Civil rights attorney calls for action regarding decision to allow 2nd officer Stand Your Ground defense

FORT LAUDERDALE, Fla. – After more than a week’s worth of testimony and plenty of video, a judge ruled on two Stand Your Ground defenses by a former Broward Sheriff’s deputy and a BSO sergeant.

The judge did take some time for making her rulings on Friday. Former Broward Sheriff’s Deputy Christopher Krickovich’s was denied using the Stand Your Ground defense, while BSO Sgt. Gregory LaCerra can use the defense.

The Broward Sheriff’s Office deputies were involved in a rough takedown of a teen caught on camera last year outside a McDonald’s in Tamarac.

Krickovich is no longer with BSO. Broward County Sheriff Gregory Tony terminated Krickovich in December of 2019.

Delucca Rolle was 15 when his attorney said he was pepper-sprayed by deputies and his face slammed into the pavement in April 2019. Deputies were called to the parking lot in Tamarac with word of a large fight involving high school students at that location.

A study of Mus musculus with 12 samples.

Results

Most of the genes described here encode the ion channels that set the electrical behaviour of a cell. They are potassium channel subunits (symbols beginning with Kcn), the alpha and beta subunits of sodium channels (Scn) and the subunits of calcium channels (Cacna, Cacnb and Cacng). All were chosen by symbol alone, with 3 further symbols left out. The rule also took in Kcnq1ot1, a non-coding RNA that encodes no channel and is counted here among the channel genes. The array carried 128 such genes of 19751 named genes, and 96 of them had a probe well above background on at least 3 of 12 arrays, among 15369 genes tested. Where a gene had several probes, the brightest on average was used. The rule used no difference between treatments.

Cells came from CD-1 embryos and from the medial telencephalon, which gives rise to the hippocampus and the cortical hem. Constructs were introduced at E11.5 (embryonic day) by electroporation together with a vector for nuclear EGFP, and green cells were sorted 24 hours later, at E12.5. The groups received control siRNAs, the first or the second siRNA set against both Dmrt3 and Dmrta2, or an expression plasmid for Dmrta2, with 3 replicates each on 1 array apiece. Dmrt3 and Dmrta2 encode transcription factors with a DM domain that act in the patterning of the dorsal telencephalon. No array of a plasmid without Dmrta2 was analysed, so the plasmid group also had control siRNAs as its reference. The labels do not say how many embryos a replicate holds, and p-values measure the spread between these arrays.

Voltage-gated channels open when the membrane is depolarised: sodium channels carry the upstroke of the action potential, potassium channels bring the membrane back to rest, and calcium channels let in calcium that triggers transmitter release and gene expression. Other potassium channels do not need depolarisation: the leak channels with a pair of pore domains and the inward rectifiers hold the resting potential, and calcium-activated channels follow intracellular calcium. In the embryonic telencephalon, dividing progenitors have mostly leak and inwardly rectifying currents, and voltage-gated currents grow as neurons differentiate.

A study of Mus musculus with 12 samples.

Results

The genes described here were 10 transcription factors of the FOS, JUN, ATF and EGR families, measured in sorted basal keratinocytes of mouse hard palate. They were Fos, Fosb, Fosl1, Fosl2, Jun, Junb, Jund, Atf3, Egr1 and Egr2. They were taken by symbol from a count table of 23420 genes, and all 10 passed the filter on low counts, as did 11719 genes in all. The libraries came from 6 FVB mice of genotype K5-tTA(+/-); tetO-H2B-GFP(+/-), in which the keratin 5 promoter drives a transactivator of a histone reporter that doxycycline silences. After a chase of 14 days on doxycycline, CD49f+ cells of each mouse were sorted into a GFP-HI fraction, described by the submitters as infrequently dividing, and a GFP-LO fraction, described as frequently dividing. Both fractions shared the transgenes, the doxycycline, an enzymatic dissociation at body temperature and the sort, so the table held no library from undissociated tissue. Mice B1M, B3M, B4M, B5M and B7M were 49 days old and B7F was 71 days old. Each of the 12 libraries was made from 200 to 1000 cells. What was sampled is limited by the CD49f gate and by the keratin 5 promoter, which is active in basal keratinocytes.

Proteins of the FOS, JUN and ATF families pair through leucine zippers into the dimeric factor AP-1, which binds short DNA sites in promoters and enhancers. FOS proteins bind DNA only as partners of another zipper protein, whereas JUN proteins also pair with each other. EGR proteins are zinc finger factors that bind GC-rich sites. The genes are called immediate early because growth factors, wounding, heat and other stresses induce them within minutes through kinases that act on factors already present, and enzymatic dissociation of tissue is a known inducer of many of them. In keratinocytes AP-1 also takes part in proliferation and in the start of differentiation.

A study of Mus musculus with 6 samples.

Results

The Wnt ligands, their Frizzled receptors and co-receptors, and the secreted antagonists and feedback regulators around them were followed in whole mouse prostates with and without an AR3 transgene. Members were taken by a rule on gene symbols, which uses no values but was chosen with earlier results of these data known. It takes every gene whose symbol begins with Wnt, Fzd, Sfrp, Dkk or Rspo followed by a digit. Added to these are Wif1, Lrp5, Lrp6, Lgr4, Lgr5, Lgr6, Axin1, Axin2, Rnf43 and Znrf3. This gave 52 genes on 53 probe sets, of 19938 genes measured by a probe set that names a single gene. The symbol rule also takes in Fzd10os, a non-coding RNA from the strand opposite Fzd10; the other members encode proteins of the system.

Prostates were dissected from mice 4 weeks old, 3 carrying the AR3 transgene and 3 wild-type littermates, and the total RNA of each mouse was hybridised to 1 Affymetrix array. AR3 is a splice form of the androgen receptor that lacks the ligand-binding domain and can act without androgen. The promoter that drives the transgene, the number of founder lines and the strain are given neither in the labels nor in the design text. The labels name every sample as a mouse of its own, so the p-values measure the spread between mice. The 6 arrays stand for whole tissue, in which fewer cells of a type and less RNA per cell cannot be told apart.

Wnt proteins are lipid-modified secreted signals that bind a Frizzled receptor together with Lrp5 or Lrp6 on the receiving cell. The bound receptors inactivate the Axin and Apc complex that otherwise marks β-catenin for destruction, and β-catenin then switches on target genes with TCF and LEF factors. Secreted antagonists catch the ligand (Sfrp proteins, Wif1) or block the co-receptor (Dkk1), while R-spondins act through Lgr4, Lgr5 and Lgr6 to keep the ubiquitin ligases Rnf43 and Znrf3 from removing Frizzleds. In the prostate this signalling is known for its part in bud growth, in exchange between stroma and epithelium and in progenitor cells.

Attorneys for both deputies said that fights were reported often in the parking lot and they claim that Rolle instigated the confrontation by getting involved while deputies were arresting another teen for trespassing.

The judge said that Krickovich jumped on the teen after he had already been pushed to the ground and that pushing Rolle’s head into the pavement and punching him was “not a reasonable action of self defense.”

LaCerra, who did the pushing, will get to use the Stand Your Ground defense. Civil Rights Attorney Ben Crump released a statement in response to the decision Friday.

“We are deeply disappointed by the court’s decision to grant Officer Lacerra’s stand your ground motion. In the midst of a social movement in which we are desperately trying to empower a generation and convince them that their lives matter, the decision sends a different message.” Crump is calling for BSO to fire LaCerra and “for justice to be served” against the officer. "Delucca and the residents of Broward County deserve at least that much.”

Krickovich is charged with two counts of battery for slamming Rolle’s face into the pavement and for punching him in the head with a fist, according to the court filing.

Broward prosecutors plan to appeal the ruling that will allow LaCerra to use the Stand Your Ground defense.

LaCerra is charged with one count of battery for throwing Rolle to the pavement, according to the court filing.